If you fixed a Debian package which FTBFS (fails to build from source), you should submit the patch so that all users can profit from your work.
If it is not a Debian-specific patch, you should strongly consider submitting the patch upstream for inclusion. This applies even more so if it is a GNU package, or otherwise frequently used package, or you know upstream anyway.
If you had to change the code considerably and are not 100% sure you did not introduce a regression, or are not very experienced with these kinds of code changes, you should first submit your patch for review to the Debian alioth patch tracker.
If the patch is trivial, or one of the Debian porters approved your patch for submission, submit the patch to the Debian BTS (bug tracking system). You can either use the reportbug tool, or just simple mail. In any case, you should follow these guidelines:
The submission address is email@example.com.
The mail's subject (which will become the bug's title) should be
SOURCE-PACKAGE: FTBFS on hurd-i386: REASON.
The first lines of the mail's body (the so-called pseudo-header):
Package: PACKAGE Severity: important -- not *serious* Version: VERSION -- the version of the source package in unstable. Tags: patch -- if you include a ready-to-be-applied patch. User: firstname.lastname@example.org Usertags: hurd X-Debbugs-CC: email@example.com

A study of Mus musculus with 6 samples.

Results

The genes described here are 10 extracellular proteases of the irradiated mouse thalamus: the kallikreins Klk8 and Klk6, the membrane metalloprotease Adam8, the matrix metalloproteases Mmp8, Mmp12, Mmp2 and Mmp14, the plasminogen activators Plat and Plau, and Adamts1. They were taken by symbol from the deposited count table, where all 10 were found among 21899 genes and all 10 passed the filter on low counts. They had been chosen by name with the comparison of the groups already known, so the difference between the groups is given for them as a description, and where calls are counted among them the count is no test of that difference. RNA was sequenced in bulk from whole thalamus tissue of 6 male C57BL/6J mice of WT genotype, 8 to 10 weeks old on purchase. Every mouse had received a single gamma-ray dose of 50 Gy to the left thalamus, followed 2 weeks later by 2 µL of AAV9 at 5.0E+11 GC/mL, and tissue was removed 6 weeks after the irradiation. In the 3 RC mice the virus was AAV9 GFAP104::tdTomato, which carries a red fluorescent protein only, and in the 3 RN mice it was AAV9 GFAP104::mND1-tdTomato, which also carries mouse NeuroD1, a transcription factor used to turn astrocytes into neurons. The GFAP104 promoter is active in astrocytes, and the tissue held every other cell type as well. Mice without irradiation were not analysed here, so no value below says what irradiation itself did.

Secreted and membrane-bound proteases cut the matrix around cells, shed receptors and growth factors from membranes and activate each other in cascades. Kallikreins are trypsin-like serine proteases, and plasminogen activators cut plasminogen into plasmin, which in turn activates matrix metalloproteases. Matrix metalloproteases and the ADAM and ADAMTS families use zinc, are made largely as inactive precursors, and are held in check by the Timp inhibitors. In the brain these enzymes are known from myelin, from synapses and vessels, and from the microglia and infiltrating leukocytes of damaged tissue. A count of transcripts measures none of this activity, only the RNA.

The last three lines are used to to change the current User to the specified value (the default is the email sender/from address), specify Usertags to add the specified tags for the current user, and X-Debbugs-CC so that the mailing list knows about your report.
In the bug description, mention that the package fails to build on hurd-i386 and (if possible) quote the failure. If possible, point to the failing build log from http://buildd.debian.org/ or elsewhere.
Then, explain the failure (Debian maintainers usually do not know much about Hurd-specific failures), and attach the patch.
The patch should be in unidiff form.
If the package uses a patch system, it is preferable to submit the patch in a
ready-to-use form (e.g. as a dpatch), but this is not required. Also, try to
keep the patch small, e.g., do not submit a 100 KiB autotools diff for a
one-line change in
configure.in or a
Makefile.am, but in this case mention
that autotools need to be rerun and let the maintainer choose (you can suggest
you would file a complete diff if the maintainer prefers).
Last but not least, try to be courteous.